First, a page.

This trip got started a couple weeks ago when I got an urgent email from Carl about a date set for a climb of Culebra in a couple weeks; with spots likely to fill fast, I jumped on it. I’m glad that I did, because all 20 spots filled in about four hours. For those of you not familiar with Culebra, it’s the only 14er that’s entirely on private property. During the summer it’s possible to get on the mountain more often than not for a $100 fee, and certainly on weekends. Winter and spring availability is much more limited, and in the past has had a climbing fee of $200-250; this time it was only $100. The original plan was to ski the North Face, assuming good weather. Unfortunately the weather was not good (as seems to be the case with most Culebra ski descents), but we certainly got our $100 worth of adventure. Keep in mind when you’re reading this that most of these photos have been enhanced to de-fog them and make people a bit more visible.
A major spring storm rolled in to Colorado late last week, bringing with it lots of snow. People in their right minds were enjoying an amazing powder day. Nine of us decided to take our shot and chance the weather. Besides, the forecast was for the storm to ease up and clear out by about 2pm, we would just have to fight our way through it most of the day. A few days ago things were dry pretty much to the summer trailhead, which would mean a 7 mile round-trip day with about 3,200′ of vertical. Things changed a bit, so we had a 14 mile day with roughly 5,000′ of vertical. I’d like to think Carl was saying something like “we have to go how far?” in this photo.
Sadly I know better, and he was psyched to get after it, and it was just an oddly timed photo. It was about 6:30 when we were all checked in and paid up, and some snowshoers took off to blaze the trail through 2’+ of fresh snow. Those of us on skis were getting all our gear organized and set until about 6:45.
Despite things being socked in up high, we were optimistic that it would clear soon, since things were sunny down valley a bit.
And we were off.
Even though it was humid and the trees completely blocked the wind, temperatures were remarkably comfortable. The approach through the aspens was beautiful, and it took quite a while to catch up to the two snowshoers leading the way.
But eventually we did, and a few of us started rotating trailbreaking duty. It’s exhausting work, but somehow Jake managed to break trail more than half the way, and made it look effortless. Eventually we came to a clearing, and got a good view of just how poor our view was going to be.
It was still absolutely beautiful and pristine, despite the poor views.
Eventually we came to the Fourway sign, which is close to the summer starting point. A few days ago there was bare ground here; the sign is about five feet tall.
The fog really intensified once we got closer to treeline, but given the difficulties in setting up the climb, getting there, and the fee, we weren’t about to turn back.
At one point I saw the largest rime crystals that I’ve ever seen. Here’s Carl for scale, the crystals were at least 2″ long.
The fog continued to intensify. The closest person in this photo is probably five feet away, the farther somewhere around ten feet.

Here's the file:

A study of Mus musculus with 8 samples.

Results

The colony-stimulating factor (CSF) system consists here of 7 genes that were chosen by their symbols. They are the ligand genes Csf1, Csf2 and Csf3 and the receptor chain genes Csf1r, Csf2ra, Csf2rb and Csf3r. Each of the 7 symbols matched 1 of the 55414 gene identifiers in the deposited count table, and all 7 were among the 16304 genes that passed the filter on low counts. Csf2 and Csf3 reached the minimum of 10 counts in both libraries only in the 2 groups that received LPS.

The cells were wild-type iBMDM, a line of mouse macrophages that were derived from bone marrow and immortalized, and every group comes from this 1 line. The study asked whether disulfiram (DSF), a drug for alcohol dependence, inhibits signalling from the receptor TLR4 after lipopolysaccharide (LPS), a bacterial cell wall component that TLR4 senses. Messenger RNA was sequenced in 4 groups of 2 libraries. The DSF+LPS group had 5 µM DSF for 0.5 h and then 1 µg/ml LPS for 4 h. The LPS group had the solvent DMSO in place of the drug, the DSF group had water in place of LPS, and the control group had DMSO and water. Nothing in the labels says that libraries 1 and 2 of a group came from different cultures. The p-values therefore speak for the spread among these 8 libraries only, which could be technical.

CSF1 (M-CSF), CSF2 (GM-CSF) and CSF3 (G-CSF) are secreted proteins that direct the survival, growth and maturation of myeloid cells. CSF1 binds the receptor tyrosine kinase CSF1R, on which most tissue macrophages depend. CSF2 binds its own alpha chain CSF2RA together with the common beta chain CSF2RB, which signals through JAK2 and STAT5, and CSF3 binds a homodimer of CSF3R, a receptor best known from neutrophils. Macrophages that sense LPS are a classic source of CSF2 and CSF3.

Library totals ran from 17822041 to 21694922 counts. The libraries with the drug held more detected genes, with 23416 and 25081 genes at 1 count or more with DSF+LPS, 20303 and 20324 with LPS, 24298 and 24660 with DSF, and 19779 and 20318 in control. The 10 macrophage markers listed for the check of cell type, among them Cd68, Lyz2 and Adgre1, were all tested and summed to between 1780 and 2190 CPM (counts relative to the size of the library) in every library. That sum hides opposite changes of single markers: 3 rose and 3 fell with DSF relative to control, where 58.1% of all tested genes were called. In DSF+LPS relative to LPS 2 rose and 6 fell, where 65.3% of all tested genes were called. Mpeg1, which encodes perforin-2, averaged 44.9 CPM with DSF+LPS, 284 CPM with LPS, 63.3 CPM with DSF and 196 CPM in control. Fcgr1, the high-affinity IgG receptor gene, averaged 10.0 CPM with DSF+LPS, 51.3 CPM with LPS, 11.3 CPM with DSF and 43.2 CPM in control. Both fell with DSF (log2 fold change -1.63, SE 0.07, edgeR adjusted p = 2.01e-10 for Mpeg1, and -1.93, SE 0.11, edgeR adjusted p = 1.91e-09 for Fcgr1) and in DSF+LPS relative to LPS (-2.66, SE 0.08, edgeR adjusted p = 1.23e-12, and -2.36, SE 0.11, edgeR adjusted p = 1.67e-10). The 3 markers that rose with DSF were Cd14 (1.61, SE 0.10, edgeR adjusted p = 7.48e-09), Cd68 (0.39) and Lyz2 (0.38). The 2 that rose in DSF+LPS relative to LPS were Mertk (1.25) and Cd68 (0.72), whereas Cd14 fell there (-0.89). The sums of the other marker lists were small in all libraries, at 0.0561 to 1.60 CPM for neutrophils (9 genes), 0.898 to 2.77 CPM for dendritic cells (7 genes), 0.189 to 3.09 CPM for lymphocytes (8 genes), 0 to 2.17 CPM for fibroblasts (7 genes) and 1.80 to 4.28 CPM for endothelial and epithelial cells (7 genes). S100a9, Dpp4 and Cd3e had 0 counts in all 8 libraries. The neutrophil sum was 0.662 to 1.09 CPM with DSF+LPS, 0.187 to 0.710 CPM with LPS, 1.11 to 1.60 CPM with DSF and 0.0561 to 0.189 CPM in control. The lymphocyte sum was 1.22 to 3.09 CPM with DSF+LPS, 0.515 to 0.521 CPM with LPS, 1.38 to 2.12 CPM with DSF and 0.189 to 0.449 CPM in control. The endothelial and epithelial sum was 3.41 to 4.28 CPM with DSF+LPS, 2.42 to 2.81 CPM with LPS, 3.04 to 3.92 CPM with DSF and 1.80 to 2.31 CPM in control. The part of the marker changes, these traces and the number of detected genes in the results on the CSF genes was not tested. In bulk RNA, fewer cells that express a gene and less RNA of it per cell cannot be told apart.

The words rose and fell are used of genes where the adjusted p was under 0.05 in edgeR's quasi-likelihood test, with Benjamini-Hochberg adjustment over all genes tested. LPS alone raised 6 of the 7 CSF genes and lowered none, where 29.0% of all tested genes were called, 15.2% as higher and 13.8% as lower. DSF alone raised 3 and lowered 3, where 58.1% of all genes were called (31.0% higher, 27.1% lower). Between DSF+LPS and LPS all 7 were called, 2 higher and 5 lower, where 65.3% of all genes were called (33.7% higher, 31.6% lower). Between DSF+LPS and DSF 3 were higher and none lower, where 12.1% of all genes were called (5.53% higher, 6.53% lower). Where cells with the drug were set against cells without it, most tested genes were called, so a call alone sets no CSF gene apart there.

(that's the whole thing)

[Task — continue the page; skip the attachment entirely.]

There was only one way to conclusively know where we were heading today, the modern marvel that is GPS.
Not much later, Carl and I were at the back of the group when he saw something move. “What was that?”
“I think it was a mouse!”
Right then, a very nonplussed mouse, which had been jumping around following us, charged at Carl, nearly hit his ski, then ran back and hid in a hole left by someone’s pole basket. We both busted out laughing at the situation; the poor little mouse was probably extremely confused, as only a couple days prior it was warm, sunny, and grassy, and suddenly there were a couple feet of snow on the ground.
A little bit later I saw something I’d never seen before – rime growing in someone’s hair. Ah, such beautiful weather for a climb.
When we had about 1,200′ to go, there were some comments that people still weren’t confident that they were going to make the summit. Nuts to that, I said we’ve come all this way and we had less than a quarter-mile of vertical left to go. “So you measure vertical in miles now, eh? ‘Oh yeah, easy, that’s only a mile of vert.’ ” More laughs, despite the miserable weather. Onward and upward, closer to the summit.
After a couple false summits, at least one of which certainly would’ve thrown us had we not been navigating by GPS, we made it. And it was cold. Very little time was spent on top by anyone, just enough for me to add another layer, tighten my boots, and snap a couple photos.
Turns off the top!
Carl, with a very unique pole-planting style (I’m sure he was just avoiding some rocks).
The drifting on the slopes below was unlike anything I’ve ever seen. It was just a huge row of wind lips and walls, and it was like skiing down a bump run where you can’t do anything other than slam into the front of every bump.
The views from lower down were amazing.
But things were still socked in on Culebra.
From here, I was finally able to let the skis run down the track up, for a quick return to the bottom (at last!). When I got there shortly after 5pm (ten and a half hours after starting), I finally surveyed the damage my skis took. Ouch.
It’s time to take the skis in to the shop for some repair work, hopefully they’ll be back and ready to go by next weekend. Despite the time, the money, the misery, and the damaged equipment, I’m still glad I went, and ticked off another 14er descent.